Newfoundland and Labrador is looking at selling marijuana in private stores, sources tell CBC News.
An official announcement on how the province will handle legalized marijuana is expected as early as next week.
Multiple sources say discussions have focused around having the Newfoundland and Labrador Liquor Corporation (NLC) licence and regulate private stores who will sell the product.
That would mean NLC wouldn't have to take on the cost and risk of renting space and hiring staff.
A federal task force recommended against selling marijuana at the same location where liquor is sold, which would prevent NLC from simply using existing staff and locations to sell pot.
CBC News has learned the liquor corporation may be involved in distributing the product from pot suppliers, allowing it to pocket part of the profit.
Exact plans are still being finalized and sources say changes may be made by cabinet before a public launch.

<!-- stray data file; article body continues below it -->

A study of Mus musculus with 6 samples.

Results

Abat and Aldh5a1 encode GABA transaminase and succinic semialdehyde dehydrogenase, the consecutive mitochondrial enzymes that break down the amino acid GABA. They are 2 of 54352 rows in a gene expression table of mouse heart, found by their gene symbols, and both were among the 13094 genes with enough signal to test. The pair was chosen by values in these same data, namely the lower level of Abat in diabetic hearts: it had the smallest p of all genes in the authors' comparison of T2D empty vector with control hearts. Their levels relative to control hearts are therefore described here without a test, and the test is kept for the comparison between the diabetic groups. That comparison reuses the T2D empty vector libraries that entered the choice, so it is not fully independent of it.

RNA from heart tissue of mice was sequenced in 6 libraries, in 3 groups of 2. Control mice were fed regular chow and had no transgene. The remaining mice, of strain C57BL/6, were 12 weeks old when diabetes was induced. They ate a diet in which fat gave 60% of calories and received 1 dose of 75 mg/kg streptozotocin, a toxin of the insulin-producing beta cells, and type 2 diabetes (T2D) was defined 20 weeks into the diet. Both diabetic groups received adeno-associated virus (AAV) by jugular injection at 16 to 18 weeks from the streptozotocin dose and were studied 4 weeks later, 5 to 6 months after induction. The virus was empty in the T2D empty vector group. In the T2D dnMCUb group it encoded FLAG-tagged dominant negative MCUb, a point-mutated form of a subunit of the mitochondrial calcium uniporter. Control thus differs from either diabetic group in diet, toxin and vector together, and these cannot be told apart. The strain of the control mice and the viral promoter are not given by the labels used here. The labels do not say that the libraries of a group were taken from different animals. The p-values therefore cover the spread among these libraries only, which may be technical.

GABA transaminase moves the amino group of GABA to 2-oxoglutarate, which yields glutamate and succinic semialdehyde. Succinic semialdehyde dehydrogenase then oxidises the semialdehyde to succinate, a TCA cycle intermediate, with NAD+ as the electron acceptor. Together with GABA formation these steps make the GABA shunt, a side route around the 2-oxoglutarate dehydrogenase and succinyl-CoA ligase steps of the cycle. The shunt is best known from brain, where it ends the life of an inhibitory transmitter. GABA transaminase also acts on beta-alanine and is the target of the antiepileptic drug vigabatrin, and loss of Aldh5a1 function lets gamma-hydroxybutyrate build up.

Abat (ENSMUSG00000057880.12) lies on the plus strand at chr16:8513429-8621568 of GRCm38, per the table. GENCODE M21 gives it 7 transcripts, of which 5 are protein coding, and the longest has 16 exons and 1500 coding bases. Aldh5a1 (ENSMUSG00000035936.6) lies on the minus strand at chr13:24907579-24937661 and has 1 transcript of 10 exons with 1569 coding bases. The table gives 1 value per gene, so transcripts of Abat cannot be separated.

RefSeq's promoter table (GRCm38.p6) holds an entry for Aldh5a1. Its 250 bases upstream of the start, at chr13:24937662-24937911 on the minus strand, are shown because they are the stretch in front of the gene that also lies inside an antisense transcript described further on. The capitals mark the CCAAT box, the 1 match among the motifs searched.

Ontario and New Brunswick have opted to run the stores themselves.
All provinces are bringing in rules in advance of the July 1, 2018 date set by the federal government to make marijuana legal.
No toking in public
Smoking up in public will not be allowed in Newfoundland and Labrador, similar to rules around alcohol consumption.
Because it's intoxicating, sources say the only place you'll be able to smoke pot is in your home or on your private property.
Quebec recently announced it will allow people to smoke pot in public, wherever tobacco is permitted.
The province will also announce that the age to buy and smoke pot will be 19, the same age as for alcohol, sources say.
That age was favoured by the majority of respondents during consultations, and follows most other provinces who have tied the age to smoke marijuana to the legal age for alcohol.
Unlike alcohol, businesses won't be able to serve pot, at least not until the federal government tackles rules around edible marijuana products.
The Newfoundland and Labrador government has publicly downplayed the revenue it could get from taxing and distributing pot, saying it's focusing on issues of health, safety and addictions.
But analysis done in advance of the launch shows the province could eventually pocket between $20 million and $40 million a year.
Sources stress in the short term the costs of startup will eat into that profit.
That revenue is far less than the $138 million the province gets from lottery revenue or the $180 million the liquor corporation hands over every year.